No institution has touched my life as profoundly as The National Herald. Actually, I never realized that until I sat down to write this piece, in honor of TNH’s 25th anniversary, but it’s true.
Yes, there are people – actual human beings, such as family members and close friends – who have had more of an impact on my life than TNH, but no other institution has. Not a school that I attended or a place where I have worked. Here’s why:
I’ve been a regular columnist for TNH since 2008. That’s almost the longest I’ve worked anywhere. However, my relationship for TNH began long before that.
In 1997, the year TNH was founded, my parents and I bought a two-family home in Northern New Jersey. Still single at the time, I took one apartment and they took the other, and of course I saw them every day.
On the weekends when I had more down time, my father would encourage me to read TNH’s sister publication, Ethnikos Kyrix, in order to improve my Greek. Foolishly proving the “good is the enemy of better” maxim, I responded: “my Greek is just fine, I don’t need to improve it.” I was comparing myself to the vast majority of my American-born peers of Greek descent instead of considering how much room there was to further enrich my Greek.
In any case, one Saturday while up in my parents’ apartment, my dad walked up to me and handed me a newspaper. It was the very first edition of TNH, which was an insert in the Kyrix’ weekend edition. He said something to the effect of “now you can read the Greek news, in English.”
I remember being very interested, and I read it from cover to cover.
My dad would hand me the TNH insert every week, and soon enough, I’d skim the headlines and focus mostly on the Goings On and the op-ed pages.
Shortly after 9/11, I submitted a guest op-ed piece to TNH, which was published. I remember feeling very honored to share the same space as so many fine columnists.
Fast forwarding to 2008, TNH founder Antonis Diamataris sent a letter to subscribers. I don’t remember the exact words, but it was a wonderful description of TNH, and I felt compelled to express my interest in serving as a regular columnist. I sent a sample piece, which he published, and then invited me to write for TNH regularly.
In addition to my regular op-ed column, I served in various editing capacities over the years and also contributed news articles, feature pieces, book reviews, crossword puzzles, and backgammon challenges.
Therefore, I’ve been a TNH reader for 25 years, and for the last 15 did my part to help create it each week.
There are two particular characteristics of TNH that stand out in my mind: quality and professionalism.
I was impressed early on by the quality writing, particularly on the op-ed pages, and I’ve often compared TNH to Cigar Aficionado magazine. Granted, that magazine is primarily about cigars, but even readers not interested in cigars can enjoy its first-rate articles about a myriad of other topics related to music, sports, fashion, and fine dining.
Similarly, TNH focuses on all things Greek, but even for those who are solely interested in, say, American politics, some of my colleagues’ op-ed pieces that I’ve read – and edited – over the years are of the caliber one would expect to find in a national broadsheet, not a modest-sized, ethnic-based paper.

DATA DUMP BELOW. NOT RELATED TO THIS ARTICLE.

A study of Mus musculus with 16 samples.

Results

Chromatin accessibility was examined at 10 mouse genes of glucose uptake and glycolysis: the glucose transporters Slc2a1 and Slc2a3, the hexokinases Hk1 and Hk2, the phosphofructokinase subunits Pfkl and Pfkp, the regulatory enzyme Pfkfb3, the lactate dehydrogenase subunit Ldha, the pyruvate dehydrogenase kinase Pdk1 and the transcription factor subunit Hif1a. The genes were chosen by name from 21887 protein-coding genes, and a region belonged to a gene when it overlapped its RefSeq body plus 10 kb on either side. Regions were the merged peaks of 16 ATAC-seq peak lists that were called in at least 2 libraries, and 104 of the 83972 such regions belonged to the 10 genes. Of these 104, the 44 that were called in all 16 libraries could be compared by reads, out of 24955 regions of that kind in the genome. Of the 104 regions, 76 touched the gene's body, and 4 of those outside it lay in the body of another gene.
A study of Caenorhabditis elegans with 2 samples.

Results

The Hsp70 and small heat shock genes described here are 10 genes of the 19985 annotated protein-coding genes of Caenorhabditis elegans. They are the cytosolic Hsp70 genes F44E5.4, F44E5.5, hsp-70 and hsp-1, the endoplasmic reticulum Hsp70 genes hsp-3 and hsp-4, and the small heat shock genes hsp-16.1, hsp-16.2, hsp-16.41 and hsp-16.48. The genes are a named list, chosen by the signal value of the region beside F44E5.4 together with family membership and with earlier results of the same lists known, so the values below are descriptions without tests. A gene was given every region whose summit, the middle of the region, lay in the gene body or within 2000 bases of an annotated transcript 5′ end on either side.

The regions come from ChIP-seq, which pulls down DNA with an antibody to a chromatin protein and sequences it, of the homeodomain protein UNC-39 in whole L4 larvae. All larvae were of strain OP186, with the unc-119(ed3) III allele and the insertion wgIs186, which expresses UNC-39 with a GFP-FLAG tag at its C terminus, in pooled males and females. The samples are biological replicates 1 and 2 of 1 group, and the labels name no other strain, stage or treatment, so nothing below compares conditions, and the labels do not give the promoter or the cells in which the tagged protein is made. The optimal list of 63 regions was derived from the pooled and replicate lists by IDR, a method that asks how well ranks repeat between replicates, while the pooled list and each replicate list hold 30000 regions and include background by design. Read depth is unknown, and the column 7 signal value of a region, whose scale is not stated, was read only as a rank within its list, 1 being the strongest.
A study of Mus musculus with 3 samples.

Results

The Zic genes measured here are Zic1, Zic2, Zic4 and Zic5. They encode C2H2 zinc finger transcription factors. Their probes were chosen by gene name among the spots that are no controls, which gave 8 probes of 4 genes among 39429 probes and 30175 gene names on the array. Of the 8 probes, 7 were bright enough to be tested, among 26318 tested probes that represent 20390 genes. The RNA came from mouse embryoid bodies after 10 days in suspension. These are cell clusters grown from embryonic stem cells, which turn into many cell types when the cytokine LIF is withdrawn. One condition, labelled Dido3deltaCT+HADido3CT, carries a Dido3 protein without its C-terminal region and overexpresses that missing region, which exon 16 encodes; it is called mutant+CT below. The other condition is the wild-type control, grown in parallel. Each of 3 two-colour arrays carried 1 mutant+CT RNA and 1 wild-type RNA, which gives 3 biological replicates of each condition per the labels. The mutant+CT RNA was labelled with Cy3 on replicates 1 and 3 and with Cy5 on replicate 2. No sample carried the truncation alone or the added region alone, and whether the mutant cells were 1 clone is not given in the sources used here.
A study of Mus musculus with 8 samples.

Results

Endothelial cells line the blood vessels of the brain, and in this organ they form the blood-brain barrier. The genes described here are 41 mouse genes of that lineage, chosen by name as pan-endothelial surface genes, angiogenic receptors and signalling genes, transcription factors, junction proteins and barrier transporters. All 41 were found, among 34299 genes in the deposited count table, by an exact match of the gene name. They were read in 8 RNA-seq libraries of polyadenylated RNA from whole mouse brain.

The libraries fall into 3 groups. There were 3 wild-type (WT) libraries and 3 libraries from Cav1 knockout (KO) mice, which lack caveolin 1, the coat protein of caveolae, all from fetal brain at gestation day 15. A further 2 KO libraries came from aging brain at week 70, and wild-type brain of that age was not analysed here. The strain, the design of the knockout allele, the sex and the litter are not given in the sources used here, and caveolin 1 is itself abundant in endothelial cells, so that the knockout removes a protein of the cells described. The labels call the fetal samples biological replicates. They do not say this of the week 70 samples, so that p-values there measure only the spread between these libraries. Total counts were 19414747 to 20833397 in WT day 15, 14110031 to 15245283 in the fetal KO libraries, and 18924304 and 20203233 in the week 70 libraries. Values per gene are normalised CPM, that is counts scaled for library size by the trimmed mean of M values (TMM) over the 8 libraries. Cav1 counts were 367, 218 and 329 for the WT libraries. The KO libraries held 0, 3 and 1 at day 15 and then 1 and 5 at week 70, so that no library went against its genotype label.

As for professionalism, I’ve often said and will continue to say that few publications nowadays adhere to the canons of journalism as faithfully as TNH does. For one thing, TNH does not censor. When Antonis first brought me on board, he said to me “you may write about anything you like.” Fifteen years later, that still holds true, as I’ve never been asked to pull any piece, neither by Antonis nor by his daughter, Vanessa, who has taken over as publisher.
In 2016, many if not most of America’s largest newspapers limited their diversity of thought to two points of view: left of center and non-Trumpian right of center. We either got liberals Paul Krugman and E.J. Dionne, or anti-Trump conservatives George Will and David Brooks. To read a truly pro-Trump point of view, one would have had to turn to newspapers that didn’t censor, such as TNH (mostly mine).
TNH’s editorials are measured, not extreme (neither are my columns). But the point is that though my views differed at times with those found in TNH editorials and otherwise in the majority of TNH’s op-ed pieces, TNH always gave me a voice. It wasn’t a personal favor to me; it was an appreciation for readers who would be interested in that sort of content.
Moreover, anyone who understands good journalism knows that opinions belong on opinion pages, not infused into news stories. Sadly, too many of America’s most respected newspapers are guilty of the latter. TNH, however, well comprehends that the practices of informing and persuading need to stay in their respective lanes.
TNH serves a somewhat different role in readers’ lives than does its Greek counterpart, EK, but no less of an important one. For over a century, Greeks who settled in the United States and knew little or no English turned to EK not only as a source of information, but also as a friend that provided comfort in a strange land. TNH, though, is the future of Hellenism in America. It is what ties younger and increasingly Americanized generations to their Greek heritage. And whether in English or in Greek, the Herald remains the Greek paper of record.
Congratulations, TNH, on your silver jubilee. Here’s to the next 25!